That's a very interesting point. How to do you attribute this modern narrowed set of candidates' backgrounds?
I'm not sure I understand your question. If you're asking how we came to this situation, it's the result of a variety of factors. I think it can be traced back to Reagan, who was the first president who intentionally chose nominees in their 40s and early 50s because he wanted them to serve as long as possible on the court. In that, he largely succeeded (one of his nominees just recently died). But in order to get those younger nominees confirmed, they needed to have some particularly glittering judicial bona fides
that would compensate for their relative lack of experience. That meant getting federal appellate judges who went to the best law schools. Not coincidentally, the Federalist Society had a bunch of guys who met those qualifications. And they were all
guys - when Reagan wanted to put a woman on the court, he had to reach down to the Arizona appellate court for Sandra Day O'Connor (I earlier said she served on the Arizona supreme court - that was incorrect).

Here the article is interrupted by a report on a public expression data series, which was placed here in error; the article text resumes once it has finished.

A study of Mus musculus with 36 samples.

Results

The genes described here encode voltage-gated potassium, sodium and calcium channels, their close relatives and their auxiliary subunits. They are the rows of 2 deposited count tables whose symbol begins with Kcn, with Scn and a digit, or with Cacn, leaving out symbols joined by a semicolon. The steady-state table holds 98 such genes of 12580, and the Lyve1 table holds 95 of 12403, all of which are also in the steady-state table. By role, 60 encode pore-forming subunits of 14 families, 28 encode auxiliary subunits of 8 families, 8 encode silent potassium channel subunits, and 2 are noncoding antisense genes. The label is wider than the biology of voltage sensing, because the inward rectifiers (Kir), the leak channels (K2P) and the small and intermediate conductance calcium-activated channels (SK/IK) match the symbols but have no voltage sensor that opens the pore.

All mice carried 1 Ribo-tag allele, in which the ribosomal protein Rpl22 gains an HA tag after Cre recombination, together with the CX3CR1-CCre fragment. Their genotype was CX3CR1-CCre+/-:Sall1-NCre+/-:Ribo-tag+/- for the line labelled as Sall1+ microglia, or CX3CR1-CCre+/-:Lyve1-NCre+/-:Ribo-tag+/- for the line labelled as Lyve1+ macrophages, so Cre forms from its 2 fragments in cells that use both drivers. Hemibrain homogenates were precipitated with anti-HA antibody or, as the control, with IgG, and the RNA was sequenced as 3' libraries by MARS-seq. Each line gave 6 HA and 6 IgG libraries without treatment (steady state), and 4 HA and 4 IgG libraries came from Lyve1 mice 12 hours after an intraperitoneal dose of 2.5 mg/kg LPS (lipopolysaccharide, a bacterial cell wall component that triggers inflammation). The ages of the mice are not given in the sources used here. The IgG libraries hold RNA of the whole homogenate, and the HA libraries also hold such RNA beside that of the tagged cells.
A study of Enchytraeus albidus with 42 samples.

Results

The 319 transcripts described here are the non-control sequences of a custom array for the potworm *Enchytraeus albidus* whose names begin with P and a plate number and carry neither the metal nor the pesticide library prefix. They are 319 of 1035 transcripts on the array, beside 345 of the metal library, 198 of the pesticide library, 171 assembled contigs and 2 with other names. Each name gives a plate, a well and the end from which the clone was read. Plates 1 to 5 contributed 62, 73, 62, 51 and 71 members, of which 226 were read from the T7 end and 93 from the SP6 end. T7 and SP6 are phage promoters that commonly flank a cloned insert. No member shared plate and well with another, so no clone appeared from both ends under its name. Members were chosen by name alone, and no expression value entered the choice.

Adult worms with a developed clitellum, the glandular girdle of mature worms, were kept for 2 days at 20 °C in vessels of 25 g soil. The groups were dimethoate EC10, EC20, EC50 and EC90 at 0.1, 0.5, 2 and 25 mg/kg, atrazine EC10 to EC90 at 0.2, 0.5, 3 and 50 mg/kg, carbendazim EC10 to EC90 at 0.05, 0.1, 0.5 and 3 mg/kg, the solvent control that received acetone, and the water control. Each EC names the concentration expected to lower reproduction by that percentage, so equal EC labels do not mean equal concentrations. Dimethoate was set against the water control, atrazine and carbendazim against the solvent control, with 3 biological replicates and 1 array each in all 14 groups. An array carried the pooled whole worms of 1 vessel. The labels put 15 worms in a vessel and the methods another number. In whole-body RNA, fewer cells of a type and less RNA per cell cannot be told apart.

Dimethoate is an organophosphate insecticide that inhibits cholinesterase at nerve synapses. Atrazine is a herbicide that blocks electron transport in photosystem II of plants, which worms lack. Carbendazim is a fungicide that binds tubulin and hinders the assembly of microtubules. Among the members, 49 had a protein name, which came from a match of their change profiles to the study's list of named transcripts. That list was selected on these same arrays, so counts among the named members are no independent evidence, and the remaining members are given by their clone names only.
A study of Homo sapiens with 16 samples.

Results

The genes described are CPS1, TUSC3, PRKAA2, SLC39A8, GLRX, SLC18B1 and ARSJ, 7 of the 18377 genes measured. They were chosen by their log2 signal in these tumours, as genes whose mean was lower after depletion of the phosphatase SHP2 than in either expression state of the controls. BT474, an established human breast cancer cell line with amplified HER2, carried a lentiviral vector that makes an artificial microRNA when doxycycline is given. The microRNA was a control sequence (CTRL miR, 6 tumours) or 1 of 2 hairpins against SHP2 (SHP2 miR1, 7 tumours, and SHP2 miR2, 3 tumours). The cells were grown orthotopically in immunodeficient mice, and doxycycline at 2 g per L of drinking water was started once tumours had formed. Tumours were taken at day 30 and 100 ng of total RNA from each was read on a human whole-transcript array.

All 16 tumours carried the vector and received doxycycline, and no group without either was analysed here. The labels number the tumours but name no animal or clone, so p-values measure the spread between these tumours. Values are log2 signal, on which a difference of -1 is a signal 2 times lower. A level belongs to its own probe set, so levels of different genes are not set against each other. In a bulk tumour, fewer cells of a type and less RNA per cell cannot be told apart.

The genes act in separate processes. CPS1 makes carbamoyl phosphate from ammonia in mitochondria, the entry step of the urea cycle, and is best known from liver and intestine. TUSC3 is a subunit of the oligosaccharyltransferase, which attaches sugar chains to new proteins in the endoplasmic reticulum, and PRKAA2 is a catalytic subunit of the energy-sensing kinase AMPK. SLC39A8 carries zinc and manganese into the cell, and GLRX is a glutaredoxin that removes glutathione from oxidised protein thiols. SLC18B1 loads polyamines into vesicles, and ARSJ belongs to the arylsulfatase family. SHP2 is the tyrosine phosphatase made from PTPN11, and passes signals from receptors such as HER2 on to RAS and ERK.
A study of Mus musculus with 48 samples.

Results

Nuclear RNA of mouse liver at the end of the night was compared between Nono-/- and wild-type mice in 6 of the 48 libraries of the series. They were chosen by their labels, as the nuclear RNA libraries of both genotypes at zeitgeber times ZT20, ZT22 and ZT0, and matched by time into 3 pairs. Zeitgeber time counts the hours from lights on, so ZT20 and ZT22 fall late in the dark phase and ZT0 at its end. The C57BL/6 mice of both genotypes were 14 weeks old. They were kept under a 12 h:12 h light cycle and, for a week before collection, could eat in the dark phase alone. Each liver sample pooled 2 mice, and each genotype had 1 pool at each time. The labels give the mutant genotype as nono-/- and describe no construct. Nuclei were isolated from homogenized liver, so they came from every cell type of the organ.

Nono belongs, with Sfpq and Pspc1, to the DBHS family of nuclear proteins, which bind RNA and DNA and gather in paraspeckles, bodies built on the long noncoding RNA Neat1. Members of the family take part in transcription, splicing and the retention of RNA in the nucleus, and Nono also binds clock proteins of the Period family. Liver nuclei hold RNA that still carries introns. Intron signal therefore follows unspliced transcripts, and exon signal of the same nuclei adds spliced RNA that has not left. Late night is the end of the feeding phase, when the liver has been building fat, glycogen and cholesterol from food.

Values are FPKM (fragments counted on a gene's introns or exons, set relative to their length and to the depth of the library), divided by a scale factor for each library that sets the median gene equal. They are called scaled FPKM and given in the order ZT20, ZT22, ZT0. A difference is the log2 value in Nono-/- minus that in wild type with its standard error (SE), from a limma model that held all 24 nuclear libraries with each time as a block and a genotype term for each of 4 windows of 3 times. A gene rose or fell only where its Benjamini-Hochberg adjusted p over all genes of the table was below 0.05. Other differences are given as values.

So that set the template. Apart from O'Connor, Reagan's nominees (including Robert Bork and Douglas Ginsburg) more-or-less followed that template (Bork was 60 when he was nominated, but his nomination was payback for his role in the Saturday Night Massacre). Scalia was 50 when nominated; Ginsburg was 41; Kennedy was 51. Bush gave us more of the same with Souter and Thomas, and the pattern was set for Clinton, Bush II, and now Obama. The one nominee who broke the pattern - Harriet Miers - was so manifestly unfit for the job that nobody has deviated from the script since then.